The Celtic Twilight Paperback – 29 Mar 1990
Perhaps a workable synthesis may be to suggest an alignment of Germanic and Celtic roots in 'Two Trees' mythology. While the Celtic variant dwells upon the seasonal symbolism to focus upon issues of dying and rebirth, the Germanic/Norse/Anglo mythology envisions a World-Tree of the Cosmos, Ygg-drasill, from whence springs every form of life, or every environ of living beings. The concept is pervasive throughout genealogy, probing ones roots. And the theoretical origin of species, where a tree is a common symbolic graph depicting the transitional roots of trans-species DNA mutation.
Yeats' poetic vision describes the Celtic philosophical view point of spirit life within, inter-twined with spirits of the Cosmos. And by contrast, creation is not seen as dormant during the sleep of the creator. The seasonal sleep of Winter is as an ancient reflection from a mirror, viewing an age of the Cosmos where God rested, inattentive. Where there were once younger beings, stewards in effect, responsible to administer the cycle of life: and death -- is not all it seems.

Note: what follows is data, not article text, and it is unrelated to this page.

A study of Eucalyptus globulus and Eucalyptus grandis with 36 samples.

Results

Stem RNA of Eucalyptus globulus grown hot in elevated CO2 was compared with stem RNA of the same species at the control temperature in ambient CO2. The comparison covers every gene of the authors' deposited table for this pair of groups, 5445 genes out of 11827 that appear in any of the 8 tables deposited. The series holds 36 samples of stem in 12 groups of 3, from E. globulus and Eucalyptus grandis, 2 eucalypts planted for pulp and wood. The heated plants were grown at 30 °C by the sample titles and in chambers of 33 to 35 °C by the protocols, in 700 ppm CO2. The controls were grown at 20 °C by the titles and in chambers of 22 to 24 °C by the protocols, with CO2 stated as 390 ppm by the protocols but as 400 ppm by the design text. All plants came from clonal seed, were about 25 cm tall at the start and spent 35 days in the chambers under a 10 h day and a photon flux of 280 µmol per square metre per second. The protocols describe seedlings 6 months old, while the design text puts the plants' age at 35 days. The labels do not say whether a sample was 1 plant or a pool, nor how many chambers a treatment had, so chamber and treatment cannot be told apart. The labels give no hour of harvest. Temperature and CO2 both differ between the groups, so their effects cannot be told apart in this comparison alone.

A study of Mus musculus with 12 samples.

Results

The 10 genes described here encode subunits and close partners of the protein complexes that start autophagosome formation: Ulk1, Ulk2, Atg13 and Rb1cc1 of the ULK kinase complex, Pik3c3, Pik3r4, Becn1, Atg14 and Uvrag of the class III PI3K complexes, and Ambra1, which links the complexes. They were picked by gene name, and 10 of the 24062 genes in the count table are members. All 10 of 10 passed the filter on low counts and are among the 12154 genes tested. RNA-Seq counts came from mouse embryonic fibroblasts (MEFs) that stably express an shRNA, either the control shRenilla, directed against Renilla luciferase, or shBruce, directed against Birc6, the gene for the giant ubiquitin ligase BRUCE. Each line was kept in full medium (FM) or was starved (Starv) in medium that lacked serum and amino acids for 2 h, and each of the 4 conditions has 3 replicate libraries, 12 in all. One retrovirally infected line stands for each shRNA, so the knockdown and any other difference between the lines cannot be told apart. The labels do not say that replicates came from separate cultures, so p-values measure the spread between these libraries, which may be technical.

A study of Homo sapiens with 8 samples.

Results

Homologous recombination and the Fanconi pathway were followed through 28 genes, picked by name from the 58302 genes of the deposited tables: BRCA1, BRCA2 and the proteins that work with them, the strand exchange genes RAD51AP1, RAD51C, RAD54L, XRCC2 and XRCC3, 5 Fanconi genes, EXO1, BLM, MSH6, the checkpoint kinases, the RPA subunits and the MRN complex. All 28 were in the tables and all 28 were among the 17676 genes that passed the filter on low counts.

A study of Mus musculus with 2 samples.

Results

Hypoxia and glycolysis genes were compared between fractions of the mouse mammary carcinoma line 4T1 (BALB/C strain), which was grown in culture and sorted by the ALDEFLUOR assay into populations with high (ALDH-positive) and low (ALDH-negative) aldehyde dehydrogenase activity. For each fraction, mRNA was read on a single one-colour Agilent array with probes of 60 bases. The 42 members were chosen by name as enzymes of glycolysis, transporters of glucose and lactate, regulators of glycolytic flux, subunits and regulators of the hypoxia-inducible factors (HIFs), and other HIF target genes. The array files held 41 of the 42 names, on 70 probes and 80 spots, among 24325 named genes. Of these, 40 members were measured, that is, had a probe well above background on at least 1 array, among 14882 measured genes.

Through narrative and poetic verse the author summons a vision of the cultural impact lingering on, from these traditional ghosts and faeries. It's not a religious tome, though some categorize the material as occult. It serves as a racial memory of times before the medieval church seized upon the New Testament Hades (presiding territory of the brother of Zeus), and re-named it after the Anglo 'Hella', Loki's daughter (presiding over Nifelheim -- realm of the dead.)
Most of Yeats's early poems can be linked to a vignette from "The Celtic Twilight," while recurring motifs from his later writings--beauty, passionate old age, ghosts--take on a deeper resonance after reading these lighter pieces. Yeats walks a fine line between believing in the faeries that so many of the peasants he talks to can see, and regarding them simply as "dramatizations of our moods," an example of the tragic Celtic taste for unreachable beauty that he wanted to capture in his poems. Yeats walked that line in one form or another his whole life, and I understood the poems much better after reading these sketches--for that alone, this book's worth a read.